Inventing convenient excuses for why the tech doesn't work this time is a time-honoured Star Trek tradition
This question has been answered already, but I'd like to add that there are numerous instances in the various Star Trek series where the writers encountered this very issue. Here are some of the ways they solved it:
1. Using the transporter to save the day
The transporter frequently doesn't work. We're out of transporter range. We can't transport without lowering our shields / them lowering their shields. We can't get a transporter lock. We can't beam through the planet's unusually strong ionosphere. Ambassador Odan's people refuse to use transporters. The plasma fire is interfering with the transporters. And, quite commonly, there's too much interference, Captain!
And when they can use the transporter, there's often some limitation that makes the adventure non-trivial. We can't beam directly to the site without being spotted by the enemy / due to interference from the thing at the target site / due to high concentrations of magnesite ore in the surrounding hills / due to the target being too far underground, so we have to set down fifty kilometers away in the jungle.
Star Trek is also inconsistent as to what magic the transporters can do. They can restore Janeway and Paris after they were turned into amphibians in Threshold, but can't restore Neelix's lungs in Phage.
2. Allowing the tricorder or sensors to give away everything
Sensors suffer the same limitations that transporters do. Sensors cannot penetrate the planet's ionosphere. The Jem'Hadar ship came from the opposite side of the anomaly, so we couldn't detect it. The Romulans must be using a new kind of cloak, one we can't detect. We can't scan through this much solid rock; we'll have to send an away team.
Dax has to configure the tricorders to break the enemy encryption, so she can't use them as tricorders in the jungle. Sometimes the tricorders just give inconsistent readings or don't work. We need to get closer to the anomaly to scan it. The enemies took / disabled our weapons and transporters when we landed. There's too much interference.
Often, the sensors have arbitrary limits. They can find the missing away team / runabout, but it will take 8 hours to scan the entire planet's surface / sector where the ship was last seen.
3. Asking the computer for the answer to the issue at hand
COMPUTER: Searching. Darmok is the name of a seventh dynasty emperor on Kanda Four. A mytho-historical hunter on Shantil Three. A colony on Malindi Seven. A frozen dessert on Tazna Five. A....
TROI: Stop search. Computer, how many entries are there for Darmok?
COMPUTER: Forty seven.
The computer usually gives clues, but it never solves the puzzle right away. Star Trek's computer isn't intelligent or creative, it can only tell you exactly what you ask for. That's assuming you're on a fully equipped Galaxy-class starship, and not a runabout, on an away team, or a Cardassian station.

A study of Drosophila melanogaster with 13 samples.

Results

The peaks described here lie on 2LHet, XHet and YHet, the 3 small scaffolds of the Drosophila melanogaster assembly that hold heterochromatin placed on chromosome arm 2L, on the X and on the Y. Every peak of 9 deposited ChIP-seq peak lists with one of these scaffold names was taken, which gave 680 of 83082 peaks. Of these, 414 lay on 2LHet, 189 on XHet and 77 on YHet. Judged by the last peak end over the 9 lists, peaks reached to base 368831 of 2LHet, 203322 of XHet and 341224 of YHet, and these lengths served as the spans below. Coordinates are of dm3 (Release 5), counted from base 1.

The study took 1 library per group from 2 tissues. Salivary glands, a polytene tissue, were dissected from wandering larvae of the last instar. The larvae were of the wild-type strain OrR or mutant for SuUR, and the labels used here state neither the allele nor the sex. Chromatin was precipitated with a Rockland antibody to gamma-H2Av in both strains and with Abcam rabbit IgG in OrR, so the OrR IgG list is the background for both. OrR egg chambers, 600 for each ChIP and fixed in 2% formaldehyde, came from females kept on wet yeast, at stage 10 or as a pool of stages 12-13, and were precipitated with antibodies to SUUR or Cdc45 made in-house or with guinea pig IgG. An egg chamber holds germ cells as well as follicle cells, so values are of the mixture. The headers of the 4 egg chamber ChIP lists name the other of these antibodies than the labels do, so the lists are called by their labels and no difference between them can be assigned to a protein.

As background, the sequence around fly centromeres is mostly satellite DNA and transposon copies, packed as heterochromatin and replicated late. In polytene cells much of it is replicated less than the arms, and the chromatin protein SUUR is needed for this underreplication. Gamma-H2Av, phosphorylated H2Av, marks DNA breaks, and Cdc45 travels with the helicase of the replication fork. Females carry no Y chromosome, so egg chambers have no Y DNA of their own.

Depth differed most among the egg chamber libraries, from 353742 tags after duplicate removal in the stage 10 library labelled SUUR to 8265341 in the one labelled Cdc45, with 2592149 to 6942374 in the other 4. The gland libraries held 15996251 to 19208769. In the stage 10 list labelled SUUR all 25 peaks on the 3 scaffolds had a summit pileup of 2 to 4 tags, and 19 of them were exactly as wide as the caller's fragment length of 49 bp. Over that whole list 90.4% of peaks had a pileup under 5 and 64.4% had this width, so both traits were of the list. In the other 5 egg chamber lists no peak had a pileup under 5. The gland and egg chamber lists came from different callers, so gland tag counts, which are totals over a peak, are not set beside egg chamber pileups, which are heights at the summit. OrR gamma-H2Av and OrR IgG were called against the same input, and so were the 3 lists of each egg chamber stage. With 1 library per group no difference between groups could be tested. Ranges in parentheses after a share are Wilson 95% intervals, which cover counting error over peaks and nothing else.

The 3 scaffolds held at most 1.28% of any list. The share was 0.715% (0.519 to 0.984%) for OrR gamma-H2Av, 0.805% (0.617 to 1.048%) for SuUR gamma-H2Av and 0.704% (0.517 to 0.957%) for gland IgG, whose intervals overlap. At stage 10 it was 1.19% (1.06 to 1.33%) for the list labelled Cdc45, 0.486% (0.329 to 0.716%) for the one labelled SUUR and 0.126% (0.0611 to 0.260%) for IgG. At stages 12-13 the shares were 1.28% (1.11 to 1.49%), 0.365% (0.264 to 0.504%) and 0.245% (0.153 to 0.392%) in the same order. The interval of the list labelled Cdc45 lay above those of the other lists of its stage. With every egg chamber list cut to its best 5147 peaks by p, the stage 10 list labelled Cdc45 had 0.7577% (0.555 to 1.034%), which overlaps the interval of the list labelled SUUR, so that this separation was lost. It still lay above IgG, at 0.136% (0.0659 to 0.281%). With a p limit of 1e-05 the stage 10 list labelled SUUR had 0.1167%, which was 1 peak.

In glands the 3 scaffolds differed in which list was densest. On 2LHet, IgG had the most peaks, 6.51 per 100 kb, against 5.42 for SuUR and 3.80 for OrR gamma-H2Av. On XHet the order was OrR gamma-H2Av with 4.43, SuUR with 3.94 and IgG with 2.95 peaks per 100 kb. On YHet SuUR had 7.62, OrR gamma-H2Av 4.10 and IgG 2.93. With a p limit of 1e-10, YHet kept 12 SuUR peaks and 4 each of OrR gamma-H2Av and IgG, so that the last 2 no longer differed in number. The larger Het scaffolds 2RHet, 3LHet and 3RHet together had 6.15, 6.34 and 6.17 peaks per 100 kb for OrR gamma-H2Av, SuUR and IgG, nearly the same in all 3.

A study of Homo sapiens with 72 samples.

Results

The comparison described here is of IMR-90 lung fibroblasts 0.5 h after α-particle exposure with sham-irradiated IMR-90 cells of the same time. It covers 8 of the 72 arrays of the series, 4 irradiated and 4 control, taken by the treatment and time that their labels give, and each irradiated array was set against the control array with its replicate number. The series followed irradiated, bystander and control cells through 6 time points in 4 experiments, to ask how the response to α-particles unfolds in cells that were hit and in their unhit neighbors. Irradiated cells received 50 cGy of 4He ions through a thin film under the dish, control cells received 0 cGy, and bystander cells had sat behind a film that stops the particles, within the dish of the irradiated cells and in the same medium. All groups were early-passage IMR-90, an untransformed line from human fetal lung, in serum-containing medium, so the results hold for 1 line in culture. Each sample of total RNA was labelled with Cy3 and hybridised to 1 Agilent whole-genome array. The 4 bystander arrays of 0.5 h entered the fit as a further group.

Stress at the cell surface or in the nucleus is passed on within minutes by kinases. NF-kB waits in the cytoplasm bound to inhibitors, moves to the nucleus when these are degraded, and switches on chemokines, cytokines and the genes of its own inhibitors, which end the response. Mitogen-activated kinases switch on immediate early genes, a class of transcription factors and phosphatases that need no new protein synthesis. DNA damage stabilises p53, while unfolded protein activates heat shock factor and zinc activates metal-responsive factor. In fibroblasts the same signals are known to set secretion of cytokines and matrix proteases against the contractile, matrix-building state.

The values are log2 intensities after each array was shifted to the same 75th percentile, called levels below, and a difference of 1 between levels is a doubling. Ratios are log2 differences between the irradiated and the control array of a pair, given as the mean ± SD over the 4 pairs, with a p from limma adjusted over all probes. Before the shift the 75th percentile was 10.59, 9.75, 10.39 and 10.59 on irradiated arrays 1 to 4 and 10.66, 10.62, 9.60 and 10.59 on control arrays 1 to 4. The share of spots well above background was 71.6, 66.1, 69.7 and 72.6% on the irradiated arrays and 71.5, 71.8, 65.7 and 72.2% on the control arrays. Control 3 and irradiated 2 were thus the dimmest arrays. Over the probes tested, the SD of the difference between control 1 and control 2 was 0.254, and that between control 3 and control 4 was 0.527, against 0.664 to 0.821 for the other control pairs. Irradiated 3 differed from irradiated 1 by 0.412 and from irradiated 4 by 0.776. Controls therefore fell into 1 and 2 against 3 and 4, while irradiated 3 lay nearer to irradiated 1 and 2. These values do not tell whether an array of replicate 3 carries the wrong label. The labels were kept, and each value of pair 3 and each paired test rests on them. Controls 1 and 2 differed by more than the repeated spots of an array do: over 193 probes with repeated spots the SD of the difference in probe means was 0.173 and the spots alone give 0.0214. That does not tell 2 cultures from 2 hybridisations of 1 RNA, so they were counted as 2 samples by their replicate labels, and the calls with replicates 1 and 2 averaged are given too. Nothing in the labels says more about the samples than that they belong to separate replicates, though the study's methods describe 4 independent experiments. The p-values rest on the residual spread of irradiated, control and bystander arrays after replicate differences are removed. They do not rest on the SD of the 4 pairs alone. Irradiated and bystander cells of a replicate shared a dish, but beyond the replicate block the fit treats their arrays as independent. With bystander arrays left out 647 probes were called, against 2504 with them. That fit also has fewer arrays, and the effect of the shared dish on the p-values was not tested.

As the GM, you have to have adventures which cannot be solved by looking it up in the ship's computer. Starfleet sends ships to seek out new life and new civilizations, not look up information that's already known.
4. The Chief Engineer/Scientist/Doctor suddenly thinks up (i.e. rolls up) a brilliant solution from thin air.
That one tweet jokes how often they'd do this in TNG:
The Enterprise is flung into the Delta Quadrant by an alien called the Caretaker. Geordi soups up the warp core and they're home by dinner.
As often as this happens, however, there's an excuse for why that won't work. There'll be some complication or reason why it's not so simple. How about we do X? We can't, because Y. Unless we first did / found / destroyed / obtained Z, but that would require an entire action-packed adventure...
Often, the complications involved with actually implementing the doohicky form the focus of the episode, or it's in the background while the real conflict is about how they'll survive for six hours until the engineering department can get the doohicky online / the ship's sensors can locate the away team / Starfleet can send a rescue ship.
5. The non-human crew member suddenly finds a previously unknown special ability (Spock was the worst offender in this) that renders the plot point meaningless
Spock does this all the time, but it's considerably less common from TNG onward. Usually, it's about clever use of existing defined abilities, which is an excellent mode of play for an RPG (watch Jojo's Bizarre Adventure for a show which revolves around conflicts defined by creative use of existing abilities.)
Simply define that you cannot simply invent new character powers, and your players will generally understand this. It's a commonplace rule in RPGs.
6. Time travel in any form
Time travel is usually impossible without some doohickey which is generally both unavailable to the crew and expressly forbidden by Starfleet. When they get one, they usually lose it or give it up by the next episode.
There's always an excuse for why the solution that worked in the last episode won't work this time, or at least it won't solve the problem readily enough to to bypass the entire scenario instantly.